Monday, March 19, 2012

white slipcover

I mentioned last week that I had been working on a slipcover for my chair. If you need help with cushion covers (which are often the hardest part and are the most noticeable) I have a tutorial here that I posted when I did recovered the chair the last time.
It took me several days to complete, mostly because I didn't really have a plan and I also have a two-year-old who watched way too much TV while his mother neglected him (and all my other chores) for about a week. Like I said, I didn't follow a tutorial or a pattern so I basically just took pieces of scrap fabric that I had lying around and laid them on top of the chair in pieces. Then I cut each piece to fit (leaving lots of extra room for tucking and a seam allowance) and laid them wrong side up and pinned the pieces together. Once they were pinned, I basted all the pieces together and then turned it right side out and tried it on. It looked really ugly with all my mismatched scrap fabrics but I knew it was going to be all right. This may have been an extra step but I didn't want to risk wasting any fabric by cutting it wrong.

Once I was sure that the pieces would work, I marked each part and then laid it on top of my white fabric and cut it out, making sure to fold the scrap fabric pattern with the real piece so I knew which piece was which. Then I pinned it onto the chair again (wrong side up) and basted it again. I sewed it all together and tried it on. It looked pretty good and I was feeling more confident. Yay! Note: I only included piping on the cushions and around the arm fronts and the top edge of the skirt.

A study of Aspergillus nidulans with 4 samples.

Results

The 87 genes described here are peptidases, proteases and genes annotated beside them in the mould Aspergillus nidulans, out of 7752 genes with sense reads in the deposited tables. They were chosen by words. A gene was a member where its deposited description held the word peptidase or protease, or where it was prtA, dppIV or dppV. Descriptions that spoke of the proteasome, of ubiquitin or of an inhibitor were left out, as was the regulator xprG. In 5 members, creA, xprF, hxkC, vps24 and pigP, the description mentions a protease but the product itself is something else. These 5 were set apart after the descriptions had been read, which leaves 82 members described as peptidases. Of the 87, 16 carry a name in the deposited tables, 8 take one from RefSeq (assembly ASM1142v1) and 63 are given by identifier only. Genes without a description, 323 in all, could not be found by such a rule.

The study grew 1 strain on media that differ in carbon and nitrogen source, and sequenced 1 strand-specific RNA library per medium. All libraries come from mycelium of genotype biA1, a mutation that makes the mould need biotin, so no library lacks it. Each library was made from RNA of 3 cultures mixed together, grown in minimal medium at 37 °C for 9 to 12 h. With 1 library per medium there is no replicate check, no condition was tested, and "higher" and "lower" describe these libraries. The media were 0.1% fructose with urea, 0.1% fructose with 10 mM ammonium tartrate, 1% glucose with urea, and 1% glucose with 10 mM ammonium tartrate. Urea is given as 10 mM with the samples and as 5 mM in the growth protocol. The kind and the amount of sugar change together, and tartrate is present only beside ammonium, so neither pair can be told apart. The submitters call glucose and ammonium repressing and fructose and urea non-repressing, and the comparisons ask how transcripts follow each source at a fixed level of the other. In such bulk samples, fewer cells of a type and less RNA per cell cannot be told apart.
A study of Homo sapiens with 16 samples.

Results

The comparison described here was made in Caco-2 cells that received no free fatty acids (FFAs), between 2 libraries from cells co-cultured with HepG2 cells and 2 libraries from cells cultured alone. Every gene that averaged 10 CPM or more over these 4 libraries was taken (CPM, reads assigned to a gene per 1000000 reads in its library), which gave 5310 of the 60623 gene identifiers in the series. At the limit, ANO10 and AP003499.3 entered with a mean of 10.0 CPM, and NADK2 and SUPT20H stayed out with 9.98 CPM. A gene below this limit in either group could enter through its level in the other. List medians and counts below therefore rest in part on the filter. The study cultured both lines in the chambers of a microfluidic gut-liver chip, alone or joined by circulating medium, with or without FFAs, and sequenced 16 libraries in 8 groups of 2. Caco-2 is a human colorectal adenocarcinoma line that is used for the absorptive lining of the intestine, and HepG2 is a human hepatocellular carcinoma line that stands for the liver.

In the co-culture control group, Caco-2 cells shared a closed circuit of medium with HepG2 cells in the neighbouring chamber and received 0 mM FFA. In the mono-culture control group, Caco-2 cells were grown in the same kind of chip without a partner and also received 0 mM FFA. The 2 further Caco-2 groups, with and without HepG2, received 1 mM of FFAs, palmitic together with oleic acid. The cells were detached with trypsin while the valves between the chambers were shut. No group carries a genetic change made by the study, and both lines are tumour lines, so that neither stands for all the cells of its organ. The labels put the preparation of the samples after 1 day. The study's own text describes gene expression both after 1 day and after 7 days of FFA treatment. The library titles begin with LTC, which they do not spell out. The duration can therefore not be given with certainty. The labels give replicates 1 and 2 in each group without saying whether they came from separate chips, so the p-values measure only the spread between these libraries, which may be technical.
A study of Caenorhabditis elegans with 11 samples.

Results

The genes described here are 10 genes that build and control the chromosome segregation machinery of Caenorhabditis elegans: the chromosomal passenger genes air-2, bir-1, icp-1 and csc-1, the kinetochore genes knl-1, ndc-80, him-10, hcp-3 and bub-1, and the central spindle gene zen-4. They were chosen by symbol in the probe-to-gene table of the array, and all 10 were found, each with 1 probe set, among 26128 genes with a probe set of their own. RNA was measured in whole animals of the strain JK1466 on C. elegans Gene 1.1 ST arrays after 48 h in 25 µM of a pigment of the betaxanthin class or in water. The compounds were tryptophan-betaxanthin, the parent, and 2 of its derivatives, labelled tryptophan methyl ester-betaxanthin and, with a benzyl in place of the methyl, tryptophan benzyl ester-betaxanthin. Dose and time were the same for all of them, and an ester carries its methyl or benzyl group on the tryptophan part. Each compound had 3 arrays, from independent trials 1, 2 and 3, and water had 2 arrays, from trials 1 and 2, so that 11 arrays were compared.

Then, I started on the skirt. I basically just measured each side of the chair as well as the length I wanted the skirt to be (leaving room for the piping and a seam allowance) and cut out four pieces to go all the way around. Then I cut small squares to go behind each piece where they meet so you wouldn't be able to see the legs. I sewed on the piping and then all the pieces together. Then I turned the slipcover inside out again and pinned on the skirt and sewed it together. Then I was done!

Here's the deal. Slipcovers are harder than upholstering but since this was going in my nursery and I was doing it in white I knew I wanted to be able to wash it. I don't claim that making slipcovers is easy (I cried many times) but it's certainly not all that difficult if you have some basic sewing skills (and access to YouTube). It was a good experience for me and saved me several hundred dollars so I'm happy!

P.S. The nursery is essentially done but I have a few finishing touches I'd like to make before sharing the pictures. I will soon!

7 comments :

  1. I love your crib! Can you share where you purchased it? (And also, did you remove the unsightly wheels that seem to accompany all Jenny Lind cribs? Do share!)